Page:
Last week I visited Campbell University in Buies Creek, N.C., with my colleague and blogging partner Tony Cartledge who is a new faculty member in the divinity school there. Participating in two classes, including one he teaches with Div School Dean Mike Cogdill, was very enjoyable.
My awareness of Campbell — home of the Fighting Camels — came in 1978 upon entering Southeastern Seminary in the lovely town of Wake Forest, N.C. Campbell grads were well numbered among the student body.
I also learned that Campbell’s president at that time (in fact, for a long time from 1967 until 2003, when he became chancellor) was Norman Wiggins (above). He was spoken of as a towering figure in the state — a respected World War II veteran, lawyer and educator.
Routinely I heard President Wiggins, who died Aug. 1 of this year, described as a conservative — but never with a negative connotation. There was no confusion back then in distinguishing between conservatives and fundamentalists.
It had (and still has) more to do with attitudes than belief systems. Conservatives can cooperate; fundamentalists can only conquer and control.
Campbell and Southeastern had clearly different and complementary roles prior to the fundamentalist takeover of the Southern Baptist Convention and its theological seminaries.
After fundamentalist kingpin Paige Patterson rode over from Texas to Southeastern in 1992 — spoils for the victor — things changed drastically. Patterson, among other things, formed an undergraduate program — called Southeastern College at Wake Forest.
It serves the dual purpose of improving overall enrolment numbers used to formulate funding and giving students the unique opportunity from age 18 through doctoral work, if they choose, to have their educational exposure limited to the fundamentalism advocated there.
Of course, formation of the undergraduate program and the fundamentalist reshaping of the overall seminary broke down the old model whereby Campbell and other colleges and universities became natural partners with and feeder schools for the seminary. Instead the seminary was competing — especially with Baptist-related colleges and universities in North Carolina — for undergraduate students.
In 1995, Campbell launched its divinity school. Since the fundamentalist altering of Southeastern, new programs of theological education in North Carolina have emerged at Gardner-Webb University, Wake Forest University and the Baptist House of Studies at Duke Divinity School as well. All four have some partnership with the Cooperative Baptist Fellowship.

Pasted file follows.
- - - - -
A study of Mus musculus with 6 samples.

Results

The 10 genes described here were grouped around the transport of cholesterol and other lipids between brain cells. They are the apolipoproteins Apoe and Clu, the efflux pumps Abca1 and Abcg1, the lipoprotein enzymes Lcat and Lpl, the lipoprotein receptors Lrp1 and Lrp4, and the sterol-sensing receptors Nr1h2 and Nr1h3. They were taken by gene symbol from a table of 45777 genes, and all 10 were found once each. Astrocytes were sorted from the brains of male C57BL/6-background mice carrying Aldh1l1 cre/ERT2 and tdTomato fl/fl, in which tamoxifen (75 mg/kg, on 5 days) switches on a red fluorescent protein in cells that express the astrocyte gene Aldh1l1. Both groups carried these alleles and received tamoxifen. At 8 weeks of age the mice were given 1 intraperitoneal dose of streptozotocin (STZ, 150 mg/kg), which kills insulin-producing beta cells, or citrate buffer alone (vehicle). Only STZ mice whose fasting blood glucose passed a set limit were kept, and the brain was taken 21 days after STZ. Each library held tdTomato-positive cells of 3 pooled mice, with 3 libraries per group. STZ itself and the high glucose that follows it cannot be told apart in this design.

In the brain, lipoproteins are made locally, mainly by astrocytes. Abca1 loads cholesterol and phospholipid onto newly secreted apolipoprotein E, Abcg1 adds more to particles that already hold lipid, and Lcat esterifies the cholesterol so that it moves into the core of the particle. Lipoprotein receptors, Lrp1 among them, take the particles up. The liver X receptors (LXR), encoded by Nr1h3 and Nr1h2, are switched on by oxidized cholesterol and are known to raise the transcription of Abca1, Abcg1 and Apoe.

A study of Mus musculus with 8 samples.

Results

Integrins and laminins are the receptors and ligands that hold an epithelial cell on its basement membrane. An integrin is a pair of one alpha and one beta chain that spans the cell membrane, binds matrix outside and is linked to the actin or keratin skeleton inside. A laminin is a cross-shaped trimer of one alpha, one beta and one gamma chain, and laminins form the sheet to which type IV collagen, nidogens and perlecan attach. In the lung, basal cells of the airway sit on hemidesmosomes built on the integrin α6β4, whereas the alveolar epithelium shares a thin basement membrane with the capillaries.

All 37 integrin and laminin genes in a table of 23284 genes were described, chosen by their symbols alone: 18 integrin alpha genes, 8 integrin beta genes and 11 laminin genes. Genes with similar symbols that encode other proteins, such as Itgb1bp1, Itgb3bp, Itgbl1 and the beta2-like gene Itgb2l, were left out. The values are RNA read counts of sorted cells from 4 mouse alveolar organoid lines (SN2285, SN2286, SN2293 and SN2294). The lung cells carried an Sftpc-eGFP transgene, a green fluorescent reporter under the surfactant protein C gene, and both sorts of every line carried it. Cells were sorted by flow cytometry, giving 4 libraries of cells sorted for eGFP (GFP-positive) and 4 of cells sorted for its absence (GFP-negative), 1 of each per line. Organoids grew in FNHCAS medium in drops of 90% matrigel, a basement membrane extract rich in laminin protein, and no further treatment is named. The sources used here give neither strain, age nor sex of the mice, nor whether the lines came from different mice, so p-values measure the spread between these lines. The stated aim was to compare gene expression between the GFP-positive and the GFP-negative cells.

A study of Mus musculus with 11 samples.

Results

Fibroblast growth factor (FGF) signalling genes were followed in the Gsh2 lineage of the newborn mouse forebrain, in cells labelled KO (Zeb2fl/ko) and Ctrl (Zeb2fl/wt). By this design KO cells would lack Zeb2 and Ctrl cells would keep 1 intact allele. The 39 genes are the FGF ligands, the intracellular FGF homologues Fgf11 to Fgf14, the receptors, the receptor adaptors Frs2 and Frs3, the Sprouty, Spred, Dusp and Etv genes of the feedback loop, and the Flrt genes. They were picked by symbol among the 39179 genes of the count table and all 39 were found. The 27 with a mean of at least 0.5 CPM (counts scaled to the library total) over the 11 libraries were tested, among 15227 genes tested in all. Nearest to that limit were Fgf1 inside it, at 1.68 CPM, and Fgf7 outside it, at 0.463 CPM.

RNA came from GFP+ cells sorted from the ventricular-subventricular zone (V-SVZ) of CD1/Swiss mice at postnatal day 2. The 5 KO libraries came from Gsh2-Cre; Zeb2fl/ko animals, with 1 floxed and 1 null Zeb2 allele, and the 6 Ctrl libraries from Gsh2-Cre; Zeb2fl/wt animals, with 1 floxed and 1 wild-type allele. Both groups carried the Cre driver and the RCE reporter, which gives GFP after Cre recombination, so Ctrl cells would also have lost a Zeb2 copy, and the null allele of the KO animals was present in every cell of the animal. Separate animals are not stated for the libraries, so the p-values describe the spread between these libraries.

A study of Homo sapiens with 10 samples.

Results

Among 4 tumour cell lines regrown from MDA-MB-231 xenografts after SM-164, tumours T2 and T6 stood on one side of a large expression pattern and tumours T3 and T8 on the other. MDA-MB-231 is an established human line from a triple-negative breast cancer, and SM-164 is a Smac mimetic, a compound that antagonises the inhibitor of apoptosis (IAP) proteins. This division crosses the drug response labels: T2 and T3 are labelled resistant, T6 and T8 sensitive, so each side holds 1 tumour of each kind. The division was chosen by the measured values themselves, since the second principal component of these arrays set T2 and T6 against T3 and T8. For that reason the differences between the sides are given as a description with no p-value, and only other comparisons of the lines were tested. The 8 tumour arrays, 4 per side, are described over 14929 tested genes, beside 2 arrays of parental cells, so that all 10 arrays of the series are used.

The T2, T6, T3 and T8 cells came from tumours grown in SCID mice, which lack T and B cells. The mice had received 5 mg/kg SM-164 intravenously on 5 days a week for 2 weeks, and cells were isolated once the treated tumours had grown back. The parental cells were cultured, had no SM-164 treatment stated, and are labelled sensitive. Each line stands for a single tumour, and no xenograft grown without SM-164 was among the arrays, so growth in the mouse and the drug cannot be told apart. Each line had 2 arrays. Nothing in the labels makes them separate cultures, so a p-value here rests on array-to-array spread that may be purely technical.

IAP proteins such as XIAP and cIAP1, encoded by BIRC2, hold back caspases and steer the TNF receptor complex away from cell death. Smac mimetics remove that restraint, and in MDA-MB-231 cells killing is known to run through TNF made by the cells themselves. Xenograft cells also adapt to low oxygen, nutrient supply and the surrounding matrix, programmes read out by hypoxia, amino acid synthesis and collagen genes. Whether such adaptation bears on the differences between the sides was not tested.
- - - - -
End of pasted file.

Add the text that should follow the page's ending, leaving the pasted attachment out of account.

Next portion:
After my visit to campus last week, I asked myself: Is Campbell a conservative school?
In a sense it retains the classic conservatism of Norman Wiggins. It is proudly identified with and connected to Baptist churches. Under the leadership of current President Jerry Wallace, the next major building project will be a new, large chapel.
The well-rounded and highly-educated, divinity school faculty shows some conservatism in the way they dress in professional attire and are committed to training ministerial students for service in congregations and mission settings. However, the school was started — at least in significant part — due to the fundamentalist takeover of a nearby Baptist seminary. Otherwise, there would be no market share.
Divinity school faculty members are progressive thinkers as well as devoted churchpersons. Most would wear the “moderate Baptist” tag due to their openness to women in ministry, their refusal to embrace creedal statements about theories of biblical authority, and the school’s connection to the Cooperative Baptist Fellowship.
Of course, none of that concretely answers the question of whether the school is conservative. The answer can only come in comparisons. Campbell is less conservative than the remade Southeastern Seminary and more conservative than many other theology schools around the country.
While tags like “conservative” and “liberal” are widely used for descriptive purposes, they are usually better understood in terms of comparison. So, in my writing, I prefer to describe something as being “more conservative” or “less conservative” than another.
The same applies to using descriptive terms concerning an individual’s theological perspective. After taking a seat in my first doctoral seminar many years ago, I greeted the person on my right and discovered he was a Unitarian/Universalist minister. Then I shook hands with the man seated to my left — an Assembly of God pastor who taught at Jimmy Swaggart Bible College.
Am I a conservative? Well it all depends on which side of the table I turned to for comparison.